A University of Central Florida student who was found dead from a self-inflicted gunshot wound to the head early Monday had planned an attack and laid out a timeline, UCF Police Chief Richard Beary said. A UCF spokesman identified the student as James Oliver Seevakumaran, a 30-year-old business major who had not enrolled for the spring.
A University of Central Florida student who was found dead from a self-inflicted gunshot wound to the head early Monday had planned an attack and laid out a timeline, the school’s police chief said.
Police found four improvised explosive devices in a backpack and a couple hundred rounds of ammunition, UCF Police Chief Richard Beary said.
“It could have been a very bad day for everybody here," he said. "All things considered, I think that we were very blessed here at the University of Central Florida. With the ammunition he had, I mean let’s face it – one shooting here is bad enough, but multiples would have been just unthinkable. So anybody armed with this type of weapon and ammunition could have hurt a lot of people here, particularly in a crowded area as people were evacuating.”
UCF spokesman Grant Heston identified the student as James Oliver Seevakumaran, a 30-year-old business major, at a news conference Monday afternoon.
Authorities initially responded to a fire alarm at Tower One, a high-rise campus dorm near the school's arena, at 12:21 a.m. As students were leaving the building, police got a 911 call from the student’s roommate, who said that Seevakumaran had pointed a weapon at him, and that he immediately closed his door and secured himself in the bathroom, Beary said.
Police were there in just under three minutes.
“We rescued that student from that dorm room,” Beary said.
The police chief said it appeared that Seevakumaran pulled the fire alarm before returning to his room to get his weapons.
Beary said he believed that authorities' quick response led to Seevakumaran abandoning his planned attack and taking his own life.
“When people are on a mission, it doesn’t take much confusion to alter that," Beary said. "And when they heard the sirens coming, and then heard the officers coming up those stairs – because they were coming up quick to get that young man out of that house – I think that may have played a pivotal role."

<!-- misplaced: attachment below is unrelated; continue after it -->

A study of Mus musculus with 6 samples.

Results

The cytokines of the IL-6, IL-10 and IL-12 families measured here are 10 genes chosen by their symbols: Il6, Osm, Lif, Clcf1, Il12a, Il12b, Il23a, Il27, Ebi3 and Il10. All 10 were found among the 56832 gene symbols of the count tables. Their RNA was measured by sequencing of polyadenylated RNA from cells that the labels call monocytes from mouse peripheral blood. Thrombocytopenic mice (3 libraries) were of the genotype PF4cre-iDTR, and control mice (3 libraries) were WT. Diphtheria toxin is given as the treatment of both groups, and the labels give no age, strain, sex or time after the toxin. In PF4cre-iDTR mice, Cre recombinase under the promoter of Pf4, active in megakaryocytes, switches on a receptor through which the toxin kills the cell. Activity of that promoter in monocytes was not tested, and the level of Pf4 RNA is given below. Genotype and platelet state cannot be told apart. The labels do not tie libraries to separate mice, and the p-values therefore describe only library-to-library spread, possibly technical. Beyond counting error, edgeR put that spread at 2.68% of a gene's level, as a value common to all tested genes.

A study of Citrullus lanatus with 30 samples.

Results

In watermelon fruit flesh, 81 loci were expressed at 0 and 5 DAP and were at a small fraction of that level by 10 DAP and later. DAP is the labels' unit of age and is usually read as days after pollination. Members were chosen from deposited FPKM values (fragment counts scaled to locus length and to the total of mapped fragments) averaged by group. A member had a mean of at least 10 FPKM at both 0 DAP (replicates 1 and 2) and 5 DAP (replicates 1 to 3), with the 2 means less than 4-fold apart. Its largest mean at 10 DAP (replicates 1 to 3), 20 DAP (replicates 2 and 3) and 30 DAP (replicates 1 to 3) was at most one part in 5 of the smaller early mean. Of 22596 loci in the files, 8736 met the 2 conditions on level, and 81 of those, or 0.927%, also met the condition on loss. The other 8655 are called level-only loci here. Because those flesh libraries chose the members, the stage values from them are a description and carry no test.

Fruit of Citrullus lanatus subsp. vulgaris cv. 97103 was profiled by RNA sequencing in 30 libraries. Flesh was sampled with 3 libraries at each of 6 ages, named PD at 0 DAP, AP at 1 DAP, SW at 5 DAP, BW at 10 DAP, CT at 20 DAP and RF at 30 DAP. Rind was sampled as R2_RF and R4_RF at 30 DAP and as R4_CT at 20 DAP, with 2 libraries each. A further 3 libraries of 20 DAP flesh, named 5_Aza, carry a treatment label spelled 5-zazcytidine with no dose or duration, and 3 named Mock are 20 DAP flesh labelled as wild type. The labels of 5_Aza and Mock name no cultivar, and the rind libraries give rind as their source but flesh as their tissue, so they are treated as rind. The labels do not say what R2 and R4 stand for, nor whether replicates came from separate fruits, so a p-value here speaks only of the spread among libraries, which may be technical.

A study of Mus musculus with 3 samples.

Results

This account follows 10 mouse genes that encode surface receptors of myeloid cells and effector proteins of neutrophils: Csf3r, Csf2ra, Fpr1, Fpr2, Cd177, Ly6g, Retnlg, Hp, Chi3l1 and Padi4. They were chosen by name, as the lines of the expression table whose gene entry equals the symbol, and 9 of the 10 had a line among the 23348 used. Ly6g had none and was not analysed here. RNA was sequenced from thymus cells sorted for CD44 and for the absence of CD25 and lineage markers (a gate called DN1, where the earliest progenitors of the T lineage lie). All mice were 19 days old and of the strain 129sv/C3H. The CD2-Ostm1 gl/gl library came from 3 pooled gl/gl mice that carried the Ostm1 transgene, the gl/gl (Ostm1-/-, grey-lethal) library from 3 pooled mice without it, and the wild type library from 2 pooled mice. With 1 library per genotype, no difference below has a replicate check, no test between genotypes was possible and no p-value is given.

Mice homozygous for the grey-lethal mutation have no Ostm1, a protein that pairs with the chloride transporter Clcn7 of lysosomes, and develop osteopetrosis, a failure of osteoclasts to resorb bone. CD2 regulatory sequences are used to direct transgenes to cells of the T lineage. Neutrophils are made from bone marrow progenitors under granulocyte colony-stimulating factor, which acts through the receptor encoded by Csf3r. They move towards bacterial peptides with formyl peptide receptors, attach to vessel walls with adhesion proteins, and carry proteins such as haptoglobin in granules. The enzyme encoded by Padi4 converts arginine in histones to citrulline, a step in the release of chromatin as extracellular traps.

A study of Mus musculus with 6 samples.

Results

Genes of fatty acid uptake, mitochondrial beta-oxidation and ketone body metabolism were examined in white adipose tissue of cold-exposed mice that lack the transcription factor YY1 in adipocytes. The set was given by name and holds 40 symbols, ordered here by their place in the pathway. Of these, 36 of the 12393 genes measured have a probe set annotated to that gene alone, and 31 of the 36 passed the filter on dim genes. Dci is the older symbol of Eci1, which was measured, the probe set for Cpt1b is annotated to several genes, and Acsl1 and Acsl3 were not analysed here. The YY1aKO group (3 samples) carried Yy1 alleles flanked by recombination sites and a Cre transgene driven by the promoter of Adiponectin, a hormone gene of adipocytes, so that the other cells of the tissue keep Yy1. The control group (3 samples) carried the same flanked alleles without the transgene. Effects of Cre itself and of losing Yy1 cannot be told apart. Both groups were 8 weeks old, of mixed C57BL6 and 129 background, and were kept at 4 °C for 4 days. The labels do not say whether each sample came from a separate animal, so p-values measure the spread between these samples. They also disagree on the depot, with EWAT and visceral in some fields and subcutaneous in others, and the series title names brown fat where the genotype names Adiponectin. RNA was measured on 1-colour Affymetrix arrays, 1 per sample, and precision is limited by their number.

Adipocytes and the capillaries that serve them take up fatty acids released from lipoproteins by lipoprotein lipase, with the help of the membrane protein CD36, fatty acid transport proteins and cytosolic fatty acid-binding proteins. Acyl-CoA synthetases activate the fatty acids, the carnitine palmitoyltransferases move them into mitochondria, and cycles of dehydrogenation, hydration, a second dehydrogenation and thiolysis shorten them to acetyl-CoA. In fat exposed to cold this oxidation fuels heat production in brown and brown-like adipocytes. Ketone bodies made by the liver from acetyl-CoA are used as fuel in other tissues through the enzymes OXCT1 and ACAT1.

Officers found a short .22-caliber tactical rifle, a .45-caliber handgun and the IED's in Seevakumaran's room, as well as notes and writings that indicated he planned an attack, Beary said.
About 500 students were evacuated from the building, a nearby parking garage was closed, and a bomb squad was called to the scene.
The explosive devices were eventually "rendered safe," Beary said.
Seevakumaran was arrested on traffic charges in Seminole County in 2006, Beary said.
He was enrolled at UCF from fall 2010 through fall 2012, according to Heston.
“Records show that in mid-February he was not enrolled at UCF for the spring, had not paid for his housing, and so we had started the process of having him removed from the tower," Heston said. "But because of the economy, and because of the way we act compassionately toward our students, it’s a process that took time. It was not completed by the time of the incident today.”
Seevakumaran had never been seen by UCF counseling and psychological services, and did not have any student conduct issues, Heston said.
Heston said that Tower One has re-opened, so students can return.
The university is providing counselors to students who wish to speak with them at the Recreation and Wellness Center.
Agencies including the Orange County Sheriff's Office, the ATF and FBI are assisting in the UCF Police Department's investigation.